This satiny delicacy brings out the best in salmon.
Satiny salt-cured salmon is easier to achieve at home than you might think. Serve for brunch with hashbrowns and a kicky dill-mustard sauce.
Yield: serves 8-10
- 2 tbsp. white peppercorns
- 1 tbsp. fennel seeds
- 1 tbsp. caraway seeds
- 2⁄3 cup kosher salt
- 1⁄3 cup sugar
- 2 lb. center-cut, skin-on salmon filet
- 1 cup dill sprigs, plus 1/3 cup chopped dill
- 1⁄4 cup aquavit (optional)
- Mustard-Dill Sauce
- In a small food processor, pulse peppercorns, fennel seeds, and caraway seeds until coarsely ground; combine with salt and sugar. Stretch plastic wrap over a plate; sprinkle with half the salt mixture. Place salmon filet on top, flesh side up. Cover with remaining salt mixture, dill sprigs, and aquavit.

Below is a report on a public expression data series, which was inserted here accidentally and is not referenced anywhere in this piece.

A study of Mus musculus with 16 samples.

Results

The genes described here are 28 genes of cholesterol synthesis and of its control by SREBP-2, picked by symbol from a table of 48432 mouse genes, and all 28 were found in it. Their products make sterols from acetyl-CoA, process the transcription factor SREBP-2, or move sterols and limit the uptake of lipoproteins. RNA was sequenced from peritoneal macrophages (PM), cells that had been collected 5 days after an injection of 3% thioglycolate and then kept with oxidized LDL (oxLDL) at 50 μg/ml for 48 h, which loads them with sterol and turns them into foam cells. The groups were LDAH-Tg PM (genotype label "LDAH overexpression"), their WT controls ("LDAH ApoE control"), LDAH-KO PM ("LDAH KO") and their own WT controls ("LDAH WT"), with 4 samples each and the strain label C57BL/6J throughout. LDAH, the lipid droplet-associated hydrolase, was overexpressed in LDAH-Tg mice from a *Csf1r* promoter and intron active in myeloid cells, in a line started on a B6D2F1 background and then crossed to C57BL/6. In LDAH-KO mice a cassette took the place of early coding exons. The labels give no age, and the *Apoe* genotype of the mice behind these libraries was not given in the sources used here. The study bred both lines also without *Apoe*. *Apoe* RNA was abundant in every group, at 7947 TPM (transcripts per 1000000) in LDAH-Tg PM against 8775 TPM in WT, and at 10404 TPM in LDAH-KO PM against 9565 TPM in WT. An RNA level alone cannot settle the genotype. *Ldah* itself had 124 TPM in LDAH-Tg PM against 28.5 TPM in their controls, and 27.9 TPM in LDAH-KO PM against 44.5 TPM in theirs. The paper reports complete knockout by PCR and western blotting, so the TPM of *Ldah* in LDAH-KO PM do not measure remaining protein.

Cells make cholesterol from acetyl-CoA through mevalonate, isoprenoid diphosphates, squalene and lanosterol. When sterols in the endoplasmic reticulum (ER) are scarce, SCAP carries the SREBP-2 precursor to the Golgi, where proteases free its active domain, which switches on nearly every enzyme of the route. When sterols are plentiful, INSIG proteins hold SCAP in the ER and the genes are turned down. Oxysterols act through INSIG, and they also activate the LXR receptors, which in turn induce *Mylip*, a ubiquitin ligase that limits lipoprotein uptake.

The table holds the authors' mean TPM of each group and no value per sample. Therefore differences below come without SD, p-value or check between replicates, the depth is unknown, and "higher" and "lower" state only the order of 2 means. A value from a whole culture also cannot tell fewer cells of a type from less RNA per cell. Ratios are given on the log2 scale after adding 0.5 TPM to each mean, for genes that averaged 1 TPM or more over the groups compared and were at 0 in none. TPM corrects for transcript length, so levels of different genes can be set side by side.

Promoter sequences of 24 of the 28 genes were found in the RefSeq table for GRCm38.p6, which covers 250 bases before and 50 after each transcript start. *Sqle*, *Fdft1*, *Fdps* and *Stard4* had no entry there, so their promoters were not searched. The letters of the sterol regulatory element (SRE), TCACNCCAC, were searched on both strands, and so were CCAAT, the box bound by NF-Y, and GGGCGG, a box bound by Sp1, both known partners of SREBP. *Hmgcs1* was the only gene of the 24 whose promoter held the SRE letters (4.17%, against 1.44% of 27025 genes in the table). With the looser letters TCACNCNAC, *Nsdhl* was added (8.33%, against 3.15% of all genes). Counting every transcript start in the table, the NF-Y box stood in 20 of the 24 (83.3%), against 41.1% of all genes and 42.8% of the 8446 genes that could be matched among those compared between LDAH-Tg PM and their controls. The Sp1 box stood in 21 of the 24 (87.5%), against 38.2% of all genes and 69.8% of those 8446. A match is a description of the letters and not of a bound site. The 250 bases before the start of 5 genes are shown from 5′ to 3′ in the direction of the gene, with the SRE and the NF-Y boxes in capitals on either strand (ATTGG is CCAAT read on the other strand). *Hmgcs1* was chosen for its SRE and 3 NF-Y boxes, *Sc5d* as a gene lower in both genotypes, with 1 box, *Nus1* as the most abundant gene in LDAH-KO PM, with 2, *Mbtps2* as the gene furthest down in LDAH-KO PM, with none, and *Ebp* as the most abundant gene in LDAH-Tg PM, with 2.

- Fold plastic wrap ends around salmon; wrap tightly with more plastic wrap. Refrigerate the fish on the plate for 48-72 hours, turning the package every 12 hours and using your fingers to redistribute the herb-and-spice-infused brine that accumulates as the salt pulls moisture from the salmon. The gravlax should be firm to the touch at the thickest part when fully cured.
- Unwrap salmon, discarding the spices, dill, and brine. Rinse the filet under cold running water and pat dry with paper towels. Cover a large plate with the chopped dill. Firmly press the flesh side of the gravlax into the dill to coat it evenly.
- Place gravlax skin side down on a board. With a long, narrow-bladed knife (use a granton slicer if you have one; the divots along the blade make for smoother, more uniform slices), slice gravlax against grain, on the diagonal, into thin pieces. Serve with mustard-dill sauce or on knackebrod with minced onion. Refrigerate any remaining gravlax, wrapped in plastic wrap, for up to 2 weeks.